How can you judge the quality of saffron? Learn more about this spice very popular in Spanish cuisine


Several press articles have alerted us over time to the fraudulent practice of mixing saffron stamens with other dyed parts of the crocus flower and the consequent intervention by the UK Food Standards Authority to test this "food fraud". Saffron is the stigmas of the crocus flower.

So how can you judge the quality of saffron yourself? Bear in mind that the stigmas sometimes have a natural yellowness, so a fully red appearance is not a fool-proof quality test. A better visual test is looking at the shape of the filaments, which should be trumpet shaped and at the colour given by the saffron in water - it should be yellow rather than orange-red. After 5-10 mins in water, real saffron filaments retain their original red colour and float on the surface, whereas any stamens treated with artificial dyes will rapidly lose any colour they have been treated with and return to their original colour (yellow). Normally they sink.


Saffron is a quintessential Spanish ingredient, even though Spain is not the biggest producer. Iran is.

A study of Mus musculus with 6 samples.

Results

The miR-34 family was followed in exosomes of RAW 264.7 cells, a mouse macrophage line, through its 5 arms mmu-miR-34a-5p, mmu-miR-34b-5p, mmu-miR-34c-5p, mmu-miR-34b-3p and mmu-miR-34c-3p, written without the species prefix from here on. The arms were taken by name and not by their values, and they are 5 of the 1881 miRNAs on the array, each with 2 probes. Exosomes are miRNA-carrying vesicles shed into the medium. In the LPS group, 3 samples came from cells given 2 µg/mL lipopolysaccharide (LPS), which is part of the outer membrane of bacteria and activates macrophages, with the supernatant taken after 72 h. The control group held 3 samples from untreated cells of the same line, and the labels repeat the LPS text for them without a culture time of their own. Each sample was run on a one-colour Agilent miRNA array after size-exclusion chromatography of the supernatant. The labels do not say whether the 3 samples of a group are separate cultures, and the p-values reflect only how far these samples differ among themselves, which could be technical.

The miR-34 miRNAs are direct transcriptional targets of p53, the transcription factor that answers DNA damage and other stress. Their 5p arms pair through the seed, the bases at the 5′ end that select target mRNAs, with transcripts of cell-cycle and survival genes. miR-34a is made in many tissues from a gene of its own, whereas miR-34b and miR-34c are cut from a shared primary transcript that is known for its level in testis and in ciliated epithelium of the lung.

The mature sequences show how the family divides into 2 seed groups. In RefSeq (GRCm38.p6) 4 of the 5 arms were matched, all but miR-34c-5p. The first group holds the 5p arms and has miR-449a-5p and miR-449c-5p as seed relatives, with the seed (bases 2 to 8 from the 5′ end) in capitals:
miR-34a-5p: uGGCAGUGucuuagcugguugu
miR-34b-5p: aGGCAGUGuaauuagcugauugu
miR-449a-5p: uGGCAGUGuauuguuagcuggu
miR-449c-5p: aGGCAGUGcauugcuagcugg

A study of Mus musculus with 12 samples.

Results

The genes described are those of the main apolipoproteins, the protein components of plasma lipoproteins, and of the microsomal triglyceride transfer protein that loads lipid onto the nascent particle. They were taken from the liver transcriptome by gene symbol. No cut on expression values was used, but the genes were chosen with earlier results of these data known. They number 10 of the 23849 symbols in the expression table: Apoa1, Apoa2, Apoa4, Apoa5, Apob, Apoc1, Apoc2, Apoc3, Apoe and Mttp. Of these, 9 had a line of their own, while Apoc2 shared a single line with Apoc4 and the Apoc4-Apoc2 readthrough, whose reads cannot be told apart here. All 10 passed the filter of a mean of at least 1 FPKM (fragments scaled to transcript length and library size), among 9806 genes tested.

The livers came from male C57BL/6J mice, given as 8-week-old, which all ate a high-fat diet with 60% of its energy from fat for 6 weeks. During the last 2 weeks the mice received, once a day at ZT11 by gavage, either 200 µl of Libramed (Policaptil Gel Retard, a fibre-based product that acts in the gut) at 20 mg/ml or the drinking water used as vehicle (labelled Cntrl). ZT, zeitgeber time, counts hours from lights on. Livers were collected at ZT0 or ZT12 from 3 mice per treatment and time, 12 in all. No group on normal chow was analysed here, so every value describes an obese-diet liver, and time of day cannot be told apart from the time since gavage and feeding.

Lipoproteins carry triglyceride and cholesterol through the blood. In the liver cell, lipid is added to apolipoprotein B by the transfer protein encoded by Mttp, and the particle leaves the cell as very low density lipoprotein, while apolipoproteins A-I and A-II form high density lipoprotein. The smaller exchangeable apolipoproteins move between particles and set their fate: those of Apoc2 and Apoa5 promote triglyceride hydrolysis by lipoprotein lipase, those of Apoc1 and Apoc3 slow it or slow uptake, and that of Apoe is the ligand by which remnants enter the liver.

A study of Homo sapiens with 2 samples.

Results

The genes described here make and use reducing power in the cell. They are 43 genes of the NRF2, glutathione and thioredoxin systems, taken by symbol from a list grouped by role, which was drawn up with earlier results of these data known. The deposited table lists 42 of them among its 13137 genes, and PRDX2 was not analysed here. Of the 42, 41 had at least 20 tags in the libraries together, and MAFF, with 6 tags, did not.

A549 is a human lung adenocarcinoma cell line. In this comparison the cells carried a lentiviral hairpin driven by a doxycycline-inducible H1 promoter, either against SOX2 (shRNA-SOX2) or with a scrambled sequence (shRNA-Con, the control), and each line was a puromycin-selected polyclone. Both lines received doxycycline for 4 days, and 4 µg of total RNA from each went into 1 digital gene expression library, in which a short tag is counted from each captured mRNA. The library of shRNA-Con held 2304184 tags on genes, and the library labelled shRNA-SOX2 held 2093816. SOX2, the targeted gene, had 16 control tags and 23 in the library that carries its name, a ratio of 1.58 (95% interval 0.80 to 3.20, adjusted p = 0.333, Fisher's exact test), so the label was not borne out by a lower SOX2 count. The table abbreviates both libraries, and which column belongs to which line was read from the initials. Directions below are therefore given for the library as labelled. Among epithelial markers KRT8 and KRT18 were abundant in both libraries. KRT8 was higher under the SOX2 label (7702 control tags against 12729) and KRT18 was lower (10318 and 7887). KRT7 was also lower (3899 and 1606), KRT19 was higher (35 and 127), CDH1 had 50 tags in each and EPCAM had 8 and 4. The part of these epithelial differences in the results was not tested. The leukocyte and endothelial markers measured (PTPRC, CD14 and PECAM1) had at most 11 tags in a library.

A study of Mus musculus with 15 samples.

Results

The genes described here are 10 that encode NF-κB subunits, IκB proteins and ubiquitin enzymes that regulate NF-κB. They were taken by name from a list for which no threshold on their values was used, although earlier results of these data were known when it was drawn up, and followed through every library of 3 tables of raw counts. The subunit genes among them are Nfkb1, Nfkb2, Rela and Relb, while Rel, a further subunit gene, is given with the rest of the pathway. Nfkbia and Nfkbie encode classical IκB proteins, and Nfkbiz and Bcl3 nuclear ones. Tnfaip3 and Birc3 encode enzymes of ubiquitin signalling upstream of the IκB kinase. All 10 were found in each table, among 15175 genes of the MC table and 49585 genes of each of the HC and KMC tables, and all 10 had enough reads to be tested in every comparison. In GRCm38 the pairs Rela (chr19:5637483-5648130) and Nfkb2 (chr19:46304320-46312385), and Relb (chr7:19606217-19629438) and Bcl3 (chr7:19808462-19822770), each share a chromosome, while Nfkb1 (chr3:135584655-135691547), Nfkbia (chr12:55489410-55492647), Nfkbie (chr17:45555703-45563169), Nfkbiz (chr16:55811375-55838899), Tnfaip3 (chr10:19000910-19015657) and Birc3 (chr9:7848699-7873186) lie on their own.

The saffron Brindisa sells is selected by a specialist with 3 generations of expertise, based in La Mancha, the cradle of saffron growing in Spain. This specialist has been accredited independently for the rigour and transparency of its quality controls.

We sell 2 grades of Saffron:

  • Brindisa label, grown in Iran and packed in Spain
  • Spanish La Mancha D.O.P.

The much higher production cost of La Mancha D.O.P. is reflected in the relative prices of these delicacies. The cultivation and harvesting of La Mancha D.O.P. saffron is rigorously controlled and it is also lightly toasted to intensify the flavour. Iranian saffron tends to be sun-dried.

Both our saffrons are Category 1, meaning that they contain less than 0.5% flower parts and less than 0.1% other extraneous matter.